AIG (American International Group Inc) has most recently been a common feature on American as well as international headlines following its possibility of going into liquidation as a result of financial difficulties. The federal government bailout extended to the company to help it in reviving its activities has also been a topic of discussion.
Following all these, issues related to business law have been a common occurrence as AIG fights legal battles and accusations from enraged customers demanding their investment monies. AIG has as a result lost clients, employees and business in general. This paper focuses on these and other current events pertaining to business law at AIG.
AIG was recently faced with an economic downturn as a result of the current economic crisis. AIG is said to have made losses worth $62 billion in the fourth quarter of 2008 (Sorkin, 11-14). As a result, it has not been able to pay its credit dues on time.
Creditors are constantly knocking on AIG’s doors to obtain their money as they fear that the company could fail to pay them under the current financial difficulties it is experiencing. AIG has resulted in selling its assets in order to meet its obligations to creditors and beginning 2008 it obtained bailout from the government.
Following the government bailout, AIG is no longer a wholly private company. The majority shares of AIG are now in the hands of the government hence it expects to receive more government control.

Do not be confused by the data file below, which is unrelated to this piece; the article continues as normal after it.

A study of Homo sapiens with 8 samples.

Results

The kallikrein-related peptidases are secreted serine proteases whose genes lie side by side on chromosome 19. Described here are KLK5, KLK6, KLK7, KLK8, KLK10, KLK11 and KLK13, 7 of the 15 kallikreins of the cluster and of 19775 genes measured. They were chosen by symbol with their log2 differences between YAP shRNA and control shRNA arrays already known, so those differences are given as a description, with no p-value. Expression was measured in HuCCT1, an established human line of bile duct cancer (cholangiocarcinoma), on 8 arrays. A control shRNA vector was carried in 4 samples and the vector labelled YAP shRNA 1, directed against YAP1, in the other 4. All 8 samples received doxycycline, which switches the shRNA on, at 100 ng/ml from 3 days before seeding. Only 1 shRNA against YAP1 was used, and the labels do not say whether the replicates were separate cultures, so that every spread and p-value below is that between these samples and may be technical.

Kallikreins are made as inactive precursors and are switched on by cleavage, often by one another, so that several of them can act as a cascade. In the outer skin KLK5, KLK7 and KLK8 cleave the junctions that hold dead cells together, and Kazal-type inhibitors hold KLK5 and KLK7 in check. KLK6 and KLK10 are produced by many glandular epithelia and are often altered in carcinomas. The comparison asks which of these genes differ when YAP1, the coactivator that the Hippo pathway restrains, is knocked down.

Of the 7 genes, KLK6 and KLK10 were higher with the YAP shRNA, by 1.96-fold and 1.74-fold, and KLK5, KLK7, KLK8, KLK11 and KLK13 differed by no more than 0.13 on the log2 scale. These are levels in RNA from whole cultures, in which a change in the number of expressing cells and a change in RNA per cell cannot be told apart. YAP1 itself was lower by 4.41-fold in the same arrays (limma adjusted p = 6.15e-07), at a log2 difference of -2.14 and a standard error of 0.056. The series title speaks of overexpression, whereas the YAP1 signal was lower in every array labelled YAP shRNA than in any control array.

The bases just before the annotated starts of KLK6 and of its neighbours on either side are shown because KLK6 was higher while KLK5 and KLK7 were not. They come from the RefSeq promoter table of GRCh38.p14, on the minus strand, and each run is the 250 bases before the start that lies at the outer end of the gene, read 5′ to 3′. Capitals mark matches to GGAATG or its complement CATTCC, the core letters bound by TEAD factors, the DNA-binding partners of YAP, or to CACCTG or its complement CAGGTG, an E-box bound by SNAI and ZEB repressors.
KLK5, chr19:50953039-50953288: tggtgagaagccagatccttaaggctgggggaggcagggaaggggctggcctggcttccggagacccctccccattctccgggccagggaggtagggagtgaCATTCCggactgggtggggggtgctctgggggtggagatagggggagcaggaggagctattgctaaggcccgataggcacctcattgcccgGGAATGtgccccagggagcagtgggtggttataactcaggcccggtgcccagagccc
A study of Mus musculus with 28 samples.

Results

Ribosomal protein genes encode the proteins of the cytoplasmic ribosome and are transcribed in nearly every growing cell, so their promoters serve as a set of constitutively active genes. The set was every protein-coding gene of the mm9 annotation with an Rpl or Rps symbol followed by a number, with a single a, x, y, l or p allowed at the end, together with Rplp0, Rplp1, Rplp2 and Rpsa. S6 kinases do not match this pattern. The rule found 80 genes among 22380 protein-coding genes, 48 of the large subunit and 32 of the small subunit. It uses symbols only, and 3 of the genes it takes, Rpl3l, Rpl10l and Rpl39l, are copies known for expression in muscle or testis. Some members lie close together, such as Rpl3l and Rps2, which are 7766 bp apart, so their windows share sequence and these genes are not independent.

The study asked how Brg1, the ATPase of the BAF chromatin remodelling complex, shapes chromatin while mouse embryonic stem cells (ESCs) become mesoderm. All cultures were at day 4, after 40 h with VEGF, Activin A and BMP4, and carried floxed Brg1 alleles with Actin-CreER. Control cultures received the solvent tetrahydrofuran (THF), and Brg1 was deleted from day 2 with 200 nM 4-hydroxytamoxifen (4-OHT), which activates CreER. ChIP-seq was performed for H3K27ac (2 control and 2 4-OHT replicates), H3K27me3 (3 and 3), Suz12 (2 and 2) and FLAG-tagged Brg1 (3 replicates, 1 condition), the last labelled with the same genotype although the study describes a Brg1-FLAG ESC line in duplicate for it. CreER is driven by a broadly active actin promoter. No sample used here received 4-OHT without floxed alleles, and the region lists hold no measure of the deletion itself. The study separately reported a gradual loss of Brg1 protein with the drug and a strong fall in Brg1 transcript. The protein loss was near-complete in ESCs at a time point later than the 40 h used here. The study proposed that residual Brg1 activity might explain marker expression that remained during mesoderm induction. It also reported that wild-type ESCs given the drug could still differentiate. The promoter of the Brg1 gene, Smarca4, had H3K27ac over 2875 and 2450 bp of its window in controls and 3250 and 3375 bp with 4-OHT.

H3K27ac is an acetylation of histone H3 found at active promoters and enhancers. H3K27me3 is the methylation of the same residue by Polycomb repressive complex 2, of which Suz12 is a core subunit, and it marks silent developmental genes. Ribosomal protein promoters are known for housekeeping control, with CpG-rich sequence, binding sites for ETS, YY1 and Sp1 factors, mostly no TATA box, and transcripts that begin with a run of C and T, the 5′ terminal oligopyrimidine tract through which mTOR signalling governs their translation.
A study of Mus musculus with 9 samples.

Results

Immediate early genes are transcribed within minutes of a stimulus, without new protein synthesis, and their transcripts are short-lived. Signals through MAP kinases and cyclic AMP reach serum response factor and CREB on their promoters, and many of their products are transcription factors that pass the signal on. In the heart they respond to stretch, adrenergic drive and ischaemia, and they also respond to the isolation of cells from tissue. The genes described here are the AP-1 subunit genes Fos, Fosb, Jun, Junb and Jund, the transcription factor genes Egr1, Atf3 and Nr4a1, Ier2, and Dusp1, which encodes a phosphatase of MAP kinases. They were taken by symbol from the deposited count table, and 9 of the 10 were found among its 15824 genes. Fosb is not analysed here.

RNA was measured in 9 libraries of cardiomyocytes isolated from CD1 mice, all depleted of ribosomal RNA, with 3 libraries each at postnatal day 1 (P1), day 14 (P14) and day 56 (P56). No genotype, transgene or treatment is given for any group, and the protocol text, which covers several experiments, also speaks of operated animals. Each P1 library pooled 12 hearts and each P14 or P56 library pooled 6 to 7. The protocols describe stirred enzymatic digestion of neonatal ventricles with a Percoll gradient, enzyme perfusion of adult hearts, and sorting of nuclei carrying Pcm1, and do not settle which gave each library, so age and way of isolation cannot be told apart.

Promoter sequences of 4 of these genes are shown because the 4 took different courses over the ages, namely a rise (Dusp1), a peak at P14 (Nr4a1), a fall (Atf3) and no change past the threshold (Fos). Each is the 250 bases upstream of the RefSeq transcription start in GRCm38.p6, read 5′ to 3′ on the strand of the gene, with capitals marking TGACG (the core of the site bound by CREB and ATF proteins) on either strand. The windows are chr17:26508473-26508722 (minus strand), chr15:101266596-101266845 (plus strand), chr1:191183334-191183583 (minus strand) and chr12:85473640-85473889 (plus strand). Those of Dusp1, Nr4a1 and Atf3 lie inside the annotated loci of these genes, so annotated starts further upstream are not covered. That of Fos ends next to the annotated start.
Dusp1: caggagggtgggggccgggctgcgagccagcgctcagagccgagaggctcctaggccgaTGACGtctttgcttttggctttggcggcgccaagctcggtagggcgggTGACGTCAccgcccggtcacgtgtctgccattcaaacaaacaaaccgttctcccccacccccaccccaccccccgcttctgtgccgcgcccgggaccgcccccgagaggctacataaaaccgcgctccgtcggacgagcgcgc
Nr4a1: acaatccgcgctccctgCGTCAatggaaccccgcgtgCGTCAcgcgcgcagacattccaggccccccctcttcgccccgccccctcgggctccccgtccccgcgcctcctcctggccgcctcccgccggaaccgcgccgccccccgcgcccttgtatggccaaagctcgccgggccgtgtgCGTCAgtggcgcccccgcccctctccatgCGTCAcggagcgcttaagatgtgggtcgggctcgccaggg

AIG traded 79.9 percent of its shares for the federal government bailout. The government now possesses the rights to suspend dividends to the previously common and preferred stock.
This is an indication that the company has ceased from being a fully private company to a nationalized one. It therefore owes the citizens who are represented by the government to operate profitably as well as repay the loan advanced by the government from the tax payer’s money.
As a result of the government bailout, AIG has to adjust itself to the government’s requirements and laws that have been set for companies obtaining bailout.
For example, The House of Representatives passed a requirement that all companies receiving federal government bailout exceeding $5 should pay 90 percent on bonuses given by companies. The companies must also operate with positive net value so that they can be able to pay up the loans advanced. If this is not so, the government will force companies that cannot pay up into liquidation Mich, 23-25).
AIG has been under scrutiny following the handsome benefits that were issued to its more than 400 employees in the financial products division ranging between $1 million and 6.4 million. This follows the fact that AIG received $170 billion as federal government bailout which has necessitated investigations on how AIG was spending the taxpayer’s money.
(Turkish Weekly, 22-29). The government owns 79.9 percent of AIG now and as a result the public is the major shareholder of the company and this is what has created a major uproar in the public about AIG’s activities. There are claims that the company is not taking its responsibilities towards shareholders in a serious manner.
Edward Liddy, AIG’s chief executive officer told the congress in March, 2009 that the company had asked the employees to return half of the bonuses received (Sorkin, 19-23). Further, he argued that the reason for the hefty bonuses was an attempt to retain employees in the financial products division.